BBC News Features CURE Uganda’s Shuntless Solution for Hydrocephalus
Thirteen years ago in Kenya, a two-week-old baby named Milan was diagnosed with acquired hydrocephalus, a life-threatening condition in which fluid builds up inside the child’s brain at the time of birth or shortly after.
With no time to waste, Henry and Carol bundled up their baby and travelled from Kenya to CURE Children’s Hospital of Uganda (CURE Uganda), which came highly recommended for its surgical excellence and compassionate care.
“We knew that we wanted to do whatever we could to give hope to our child,” says Henry, Milan’s father.
Fast forward to 2022: Milan is a smart, healthy, creative young teen boy who loves playing chess, enjoys riding his bike around the neighbourhood, and, as his mother happily shares, “is doing very well … his milestones have all been fine.”
BBC News visited CURE Uganda in May to document Milan’s incredible healing and to raise awareness of endoscopic third ventriculostomy (ETV), an alternative treatment that CURE neurosurgeon Dr. Emmanuel Wegoye chose for Milan back in 2009.
“What’s unique about this treatment is that it provides a shuntless solution for hydrocephalus,” says Dr. Wegoye. “The children do not have any foreign hardware in their bodies.”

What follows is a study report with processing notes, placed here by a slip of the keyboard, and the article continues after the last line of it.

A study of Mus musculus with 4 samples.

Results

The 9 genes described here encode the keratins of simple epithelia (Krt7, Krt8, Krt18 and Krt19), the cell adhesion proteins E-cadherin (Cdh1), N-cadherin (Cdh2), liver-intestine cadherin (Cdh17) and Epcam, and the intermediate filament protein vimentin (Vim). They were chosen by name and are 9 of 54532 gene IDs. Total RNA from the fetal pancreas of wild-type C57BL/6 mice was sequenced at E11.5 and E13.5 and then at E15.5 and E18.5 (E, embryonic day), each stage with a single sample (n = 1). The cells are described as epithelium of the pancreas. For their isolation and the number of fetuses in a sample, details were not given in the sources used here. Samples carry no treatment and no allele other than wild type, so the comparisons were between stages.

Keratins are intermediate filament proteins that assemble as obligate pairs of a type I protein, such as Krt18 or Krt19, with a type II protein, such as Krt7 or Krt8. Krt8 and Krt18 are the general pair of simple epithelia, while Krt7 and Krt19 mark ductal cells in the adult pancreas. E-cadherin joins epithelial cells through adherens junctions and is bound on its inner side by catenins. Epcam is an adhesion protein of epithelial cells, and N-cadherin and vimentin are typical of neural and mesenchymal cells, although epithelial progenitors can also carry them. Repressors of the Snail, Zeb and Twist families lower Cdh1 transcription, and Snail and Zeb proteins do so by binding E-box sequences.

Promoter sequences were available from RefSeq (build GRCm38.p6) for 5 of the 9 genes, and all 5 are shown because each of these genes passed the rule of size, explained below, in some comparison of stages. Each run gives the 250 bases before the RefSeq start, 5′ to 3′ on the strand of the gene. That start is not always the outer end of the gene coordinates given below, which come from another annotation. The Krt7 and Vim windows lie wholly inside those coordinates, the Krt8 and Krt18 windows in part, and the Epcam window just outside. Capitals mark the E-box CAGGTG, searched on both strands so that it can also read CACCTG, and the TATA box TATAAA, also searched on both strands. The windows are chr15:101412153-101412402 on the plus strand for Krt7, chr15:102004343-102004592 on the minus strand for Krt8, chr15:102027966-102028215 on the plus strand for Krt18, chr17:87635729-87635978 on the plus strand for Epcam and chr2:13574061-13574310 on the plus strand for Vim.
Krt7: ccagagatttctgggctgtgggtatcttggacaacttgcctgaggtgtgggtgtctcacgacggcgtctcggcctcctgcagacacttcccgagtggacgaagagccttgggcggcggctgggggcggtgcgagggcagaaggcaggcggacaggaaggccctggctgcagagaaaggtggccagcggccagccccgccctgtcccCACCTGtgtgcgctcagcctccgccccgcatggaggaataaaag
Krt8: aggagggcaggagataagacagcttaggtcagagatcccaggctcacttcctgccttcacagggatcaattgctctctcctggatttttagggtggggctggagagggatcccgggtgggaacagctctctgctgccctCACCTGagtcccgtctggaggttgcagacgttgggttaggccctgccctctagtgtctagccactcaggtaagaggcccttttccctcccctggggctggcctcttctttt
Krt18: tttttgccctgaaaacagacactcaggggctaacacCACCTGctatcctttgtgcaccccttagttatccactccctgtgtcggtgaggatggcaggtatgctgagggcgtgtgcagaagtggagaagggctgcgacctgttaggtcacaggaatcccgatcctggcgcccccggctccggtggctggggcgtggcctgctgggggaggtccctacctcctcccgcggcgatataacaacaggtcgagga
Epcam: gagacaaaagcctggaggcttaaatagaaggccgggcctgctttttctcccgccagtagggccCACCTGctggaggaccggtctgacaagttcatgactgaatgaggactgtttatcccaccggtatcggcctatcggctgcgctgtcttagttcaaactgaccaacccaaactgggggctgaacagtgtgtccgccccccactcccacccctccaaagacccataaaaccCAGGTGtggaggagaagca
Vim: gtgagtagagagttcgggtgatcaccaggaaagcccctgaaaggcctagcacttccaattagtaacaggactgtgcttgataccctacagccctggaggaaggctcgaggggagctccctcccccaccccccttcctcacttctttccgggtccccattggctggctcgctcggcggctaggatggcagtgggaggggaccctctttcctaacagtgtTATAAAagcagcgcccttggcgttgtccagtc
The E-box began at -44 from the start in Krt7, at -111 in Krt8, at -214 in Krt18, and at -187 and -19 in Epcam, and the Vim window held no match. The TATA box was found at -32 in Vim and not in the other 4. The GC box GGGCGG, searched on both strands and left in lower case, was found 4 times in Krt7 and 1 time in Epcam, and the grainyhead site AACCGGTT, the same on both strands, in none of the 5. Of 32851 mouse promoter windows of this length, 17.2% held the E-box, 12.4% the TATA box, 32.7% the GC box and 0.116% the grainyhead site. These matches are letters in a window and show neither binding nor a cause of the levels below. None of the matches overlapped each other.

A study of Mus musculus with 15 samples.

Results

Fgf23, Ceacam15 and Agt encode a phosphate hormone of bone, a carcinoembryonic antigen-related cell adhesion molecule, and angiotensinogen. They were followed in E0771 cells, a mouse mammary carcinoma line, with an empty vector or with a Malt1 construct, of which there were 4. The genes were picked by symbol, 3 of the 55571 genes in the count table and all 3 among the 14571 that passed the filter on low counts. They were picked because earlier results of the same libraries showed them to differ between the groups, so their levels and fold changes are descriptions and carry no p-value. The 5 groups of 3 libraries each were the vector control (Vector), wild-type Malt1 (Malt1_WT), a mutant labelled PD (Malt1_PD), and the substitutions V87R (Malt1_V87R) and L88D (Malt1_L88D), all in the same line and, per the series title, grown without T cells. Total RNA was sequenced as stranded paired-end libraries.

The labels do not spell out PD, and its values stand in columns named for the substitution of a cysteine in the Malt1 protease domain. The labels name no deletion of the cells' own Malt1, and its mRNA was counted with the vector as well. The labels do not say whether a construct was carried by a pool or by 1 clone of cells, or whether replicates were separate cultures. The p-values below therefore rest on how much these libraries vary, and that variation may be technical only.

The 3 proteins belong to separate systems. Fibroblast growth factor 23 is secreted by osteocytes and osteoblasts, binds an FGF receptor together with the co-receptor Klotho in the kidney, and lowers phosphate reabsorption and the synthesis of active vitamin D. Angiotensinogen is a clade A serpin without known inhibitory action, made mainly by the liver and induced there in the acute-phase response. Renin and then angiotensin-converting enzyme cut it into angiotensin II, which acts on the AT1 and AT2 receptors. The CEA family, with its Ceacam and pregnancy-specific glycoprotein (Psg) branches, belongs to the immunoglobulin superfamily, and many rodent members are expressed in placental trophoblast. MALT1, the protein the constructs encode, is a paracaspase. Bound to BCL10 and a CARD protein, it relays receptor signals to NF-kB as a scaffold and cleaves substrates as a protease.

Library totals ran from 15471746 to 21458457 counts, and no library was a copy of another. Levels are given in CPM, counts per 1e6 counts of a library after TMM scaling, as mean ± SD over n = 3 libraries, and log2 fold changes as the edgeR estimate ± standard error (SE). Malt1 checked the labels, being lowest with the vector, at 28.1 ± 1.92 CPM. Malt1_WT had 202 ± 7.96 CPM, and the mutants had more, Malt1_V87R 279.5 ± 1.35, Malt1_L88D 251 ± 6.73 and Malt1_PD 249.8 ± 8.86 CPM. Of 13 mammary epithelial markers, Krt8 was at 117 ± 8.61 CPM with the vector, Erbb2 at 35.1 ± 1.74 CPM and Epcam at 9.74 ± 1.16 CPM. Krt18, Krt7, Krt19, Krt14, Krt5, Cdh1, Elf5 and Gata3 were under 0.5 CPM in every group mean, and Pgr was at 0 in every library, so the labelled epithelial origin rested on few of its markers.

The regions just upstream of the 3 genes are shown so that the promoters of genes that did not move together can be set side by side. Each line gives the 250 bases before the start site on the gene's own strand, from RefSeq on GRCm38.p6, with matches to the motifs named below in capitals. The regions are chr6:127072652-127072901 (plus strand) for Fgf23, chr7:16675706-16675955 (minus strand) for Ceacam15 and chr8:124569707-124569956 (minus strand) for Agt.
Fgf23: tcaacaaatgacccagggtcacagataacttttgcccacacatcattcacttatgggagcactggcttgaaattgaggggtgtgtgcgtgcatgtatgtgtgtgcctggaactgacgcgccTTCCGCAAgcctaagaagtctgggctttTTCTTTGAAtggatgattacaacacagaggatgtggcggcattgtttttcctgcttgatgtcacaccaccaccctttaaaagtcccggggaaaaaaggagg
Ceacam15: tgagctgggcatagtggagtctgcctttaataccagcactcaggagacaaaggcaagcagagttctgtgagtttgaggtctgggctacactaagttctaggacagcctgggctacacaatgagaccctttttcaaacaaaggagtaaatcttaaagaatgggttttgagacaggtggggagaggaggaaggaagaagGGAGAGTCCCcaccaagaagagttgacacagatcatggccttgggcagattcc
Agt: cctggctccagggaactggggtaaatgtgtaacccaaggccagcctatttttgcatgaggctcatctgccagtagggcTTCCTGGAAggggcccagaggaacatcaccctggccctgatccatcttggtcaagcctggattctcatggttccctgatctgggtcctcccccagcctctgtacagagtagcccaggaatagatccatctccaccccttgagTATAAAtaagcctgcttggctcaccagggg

The standard treatment for hydrocephalus involves the surgical implantation of a hollow tube in the brain to help drain off excess fluid. This device is called a shunt, which can require periodic replacement. In contrast, the ETV option is a one-time procedure “with fewer long-term complications compared to patients with shunts,” says Dr. Wegoye.
Since 2001, CURE Uganda has performed more than 16,000 surgeries for patients with hydrocephalus across Africa and has trained 65 neurosurgeons from around the world on the ETV procedure. During the 2022 fiscal year, CURE Uganda performed 1,700 neurosurgeries, 500 of which involved the ETV procedure.
Early treatment and support
Dr. Wegoye points out that early intervention is key to a successful hydrocephalus treatment, adding that “late treatment puts the child at a greater risk of not reaching key developmental milestones.” Milan’s two-hour ETV surgery was a success largely because his parents brought him to CURE Uganda very early on in his life.
That kind of love and support makes the difference between helplessness and healing for a child with a disability. Sadly, the same cannot be said about some communities in Uganda.
“Very often, mothers with children suffering from hydrocephalus come to us feeling rejected and alone,” says Dr. Wegoye. “In certain societies, these children are left in dark rooms, left there to die.”
By God’s grace and with the generous support of CURE ministry partners, CURE Uganda — and the rest of CURE hospitals in Africa and the Philippines — shines the light of God’s grace in places darkened by discrimination and stigma. Patients not only receive the best of medical care, but they are also nurtured spiritually, with ministry teams praying for them and their families. And when their time at CURE is over, they return to their communities with renewed hope and faith that they can live out their God-given potential.
Like Milan, many of them grow up healthy, productive, and grateful for the goodness of God.